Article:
Saturday, September 20, 2008

Should we try to get bigger?

I believe that in the past that I’ve expressed my admiration for Richard Blackman and the good work that he does for people. I am in awe of his awesome discipline and his positive attitude that he displays as his amazing physicality in his youtube clips. Granted that I don’t agree with a lot of what he preaches, such has his fruitarian and liquidarian diets, but I still respect his ability to stick to his principles.

One of the things that I initially disagreed with was on his FAQ section of his website. The last question on the page was about a bulking diet for bodybuilding. He refused to do that kind of work because he believes that nature has a blueprint and that we shouldn’t stray from it.

Now, my number one fitness goal last years was to bring myself from 157 lbs up to 180 lbs, which I succeeded at doing. I even got myself up to 187 lbs before dropping to my current 175 lbs. Subsequently, many have asked me about how I did it and I’ve written several blogs on the topic. So, on the surface it would appear that I would disagree with Mr. Blackman’s statement about increasing muscle mass.

Still, it got me thinking about my goals. Did I go beyond what I was natural for my body to carry? Is it right and healthy to bring my bodyweight up? Is it right for you to do so? What I arrived at was that at 187 lbs, I was still trim, muscular, and had a 30” six pack waist. The only problem was that I was a bit slow. My upper body was a bit unwieldy. That’s why I allowed my weight to drop.

I went all the way down to 168 lbs. Then, I noticed something: I had weakness in my lower back that disappeared when I got back up to 175 lbs. Even now, my weight will yo-yo a bit and when I get near that 170 lbs threshold, I notice lower back weakness that leads to pain. What I realize is that even though my body might drop down to the low 160’s if I don’t maintain a higher calorie diet. I feel that 175-180 lbs is probably ideal for me, even if nature may not say so.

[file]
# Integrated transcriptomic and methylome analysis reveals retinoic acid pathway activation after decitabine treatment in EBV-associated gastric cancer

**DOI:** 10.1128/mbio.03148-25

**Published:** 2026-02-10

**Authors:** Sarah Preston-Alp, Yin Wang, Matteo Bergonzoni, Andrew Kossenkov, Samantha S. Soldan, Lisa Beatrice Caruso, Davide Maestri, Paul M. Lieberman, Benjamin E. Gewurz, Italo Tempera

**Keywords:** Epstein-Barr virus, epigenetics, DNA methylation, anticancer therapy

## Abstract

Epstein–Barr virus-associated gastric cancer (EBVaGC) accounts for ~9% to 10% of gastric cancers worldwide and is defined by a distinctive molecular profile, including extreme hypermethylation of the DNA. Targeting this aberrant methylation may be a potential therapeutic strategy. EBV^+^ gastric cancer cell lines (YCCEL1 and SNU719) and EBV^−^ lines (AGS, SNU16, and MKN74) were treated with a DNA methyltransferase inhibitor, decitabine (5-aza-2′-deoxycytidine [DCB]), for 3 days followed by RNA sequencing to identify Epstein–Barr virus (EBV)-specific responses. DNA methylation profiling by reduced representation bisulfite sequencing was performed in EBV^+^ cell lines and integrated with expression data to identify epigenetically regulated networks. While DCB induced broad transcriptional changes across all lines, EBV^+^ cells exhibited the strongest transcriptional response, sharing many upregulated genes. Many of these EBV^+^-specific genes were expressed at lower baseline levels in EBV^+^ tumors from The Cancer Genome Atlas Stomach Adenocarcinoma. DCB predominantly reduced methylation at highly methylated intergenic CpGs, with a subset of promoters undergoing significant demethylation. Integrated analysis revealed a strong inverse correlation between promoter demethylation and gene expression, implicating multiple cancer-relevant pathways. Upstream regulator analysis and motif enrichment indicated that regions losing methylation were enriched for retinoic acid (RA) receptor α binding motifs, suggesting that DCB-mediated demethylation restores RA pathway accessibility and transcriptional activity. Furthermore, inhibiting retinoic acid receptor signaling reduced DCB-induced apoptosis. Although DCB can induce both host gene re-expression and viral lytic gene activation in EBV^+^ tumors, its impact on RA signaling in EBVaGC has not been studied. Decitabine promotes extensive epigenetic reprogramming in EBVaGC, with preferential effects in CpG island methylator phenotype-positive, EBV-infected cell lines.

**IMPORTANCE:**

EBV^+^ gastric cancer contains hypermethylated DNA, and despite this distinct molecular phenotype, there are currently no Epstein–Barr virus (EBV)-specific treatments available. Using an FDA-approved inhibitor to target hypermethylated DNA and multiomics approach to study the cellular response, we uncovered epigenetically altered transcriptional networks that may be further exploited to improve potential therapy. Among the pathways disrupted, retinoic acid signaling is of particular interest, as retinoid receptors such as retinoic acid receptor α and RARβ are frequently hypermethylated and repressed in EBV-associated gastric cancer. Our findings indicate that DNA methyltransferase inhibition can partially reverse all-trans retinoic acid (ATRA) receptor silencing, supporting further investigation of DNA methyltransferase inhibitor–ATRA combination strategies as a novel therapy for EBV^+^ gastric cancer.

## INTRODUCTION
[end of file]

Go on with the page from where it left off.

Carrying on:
Nature may not be perfect. It’s random and it allow in it flaws. Nothing is designed to last forever. Weakness is inherit in nature. It’s in human nature to manipulate to suit our needs. I feel that nature may have designed me to be thin and to have a weaker lower back. I don’t like that and I reject it.

What I think that I could take from this pondering of Mr Blackman’s opinion is a sense of MODERATION. I’m obviously not made to be over 185 lbs. Doing so serves no purpose other than to satisfy some carnal urge that doesn’t amount to anything useful in my pursuit of health and strength. You don’t need me to tell you that there is a so much of that in the fitness world. So, if muscle-making is your goal, then make sure that you’re doing it for the right reasons.

1 comment:

Australian Ninja said...

Our bodies adapt to whatever we do, or don't do. The whole "nature" idea to me is just garbage, it is only somebodies limiting belief, and I don't buy into it for one second, especially not from someone who doesn't eat meat (what do they think their body is made of, - chalk???)

Whatever works for you, (or me) the individual, there is no magic rule to apply to everyone. If a wrestler wants to be successful - he's going to have to get bigger to compete in his division, if a Thai boxer wants to be a champion, he's gotta stay small and light on his fight with incredible dynamic power and speed. As for the everyday person, I say do what makes you happy, do what keeps you strong, fit, healthy with a strong immune system, and lets you go through life with a body you are proud of, that is functional and beautiful. I like you posts, thank you.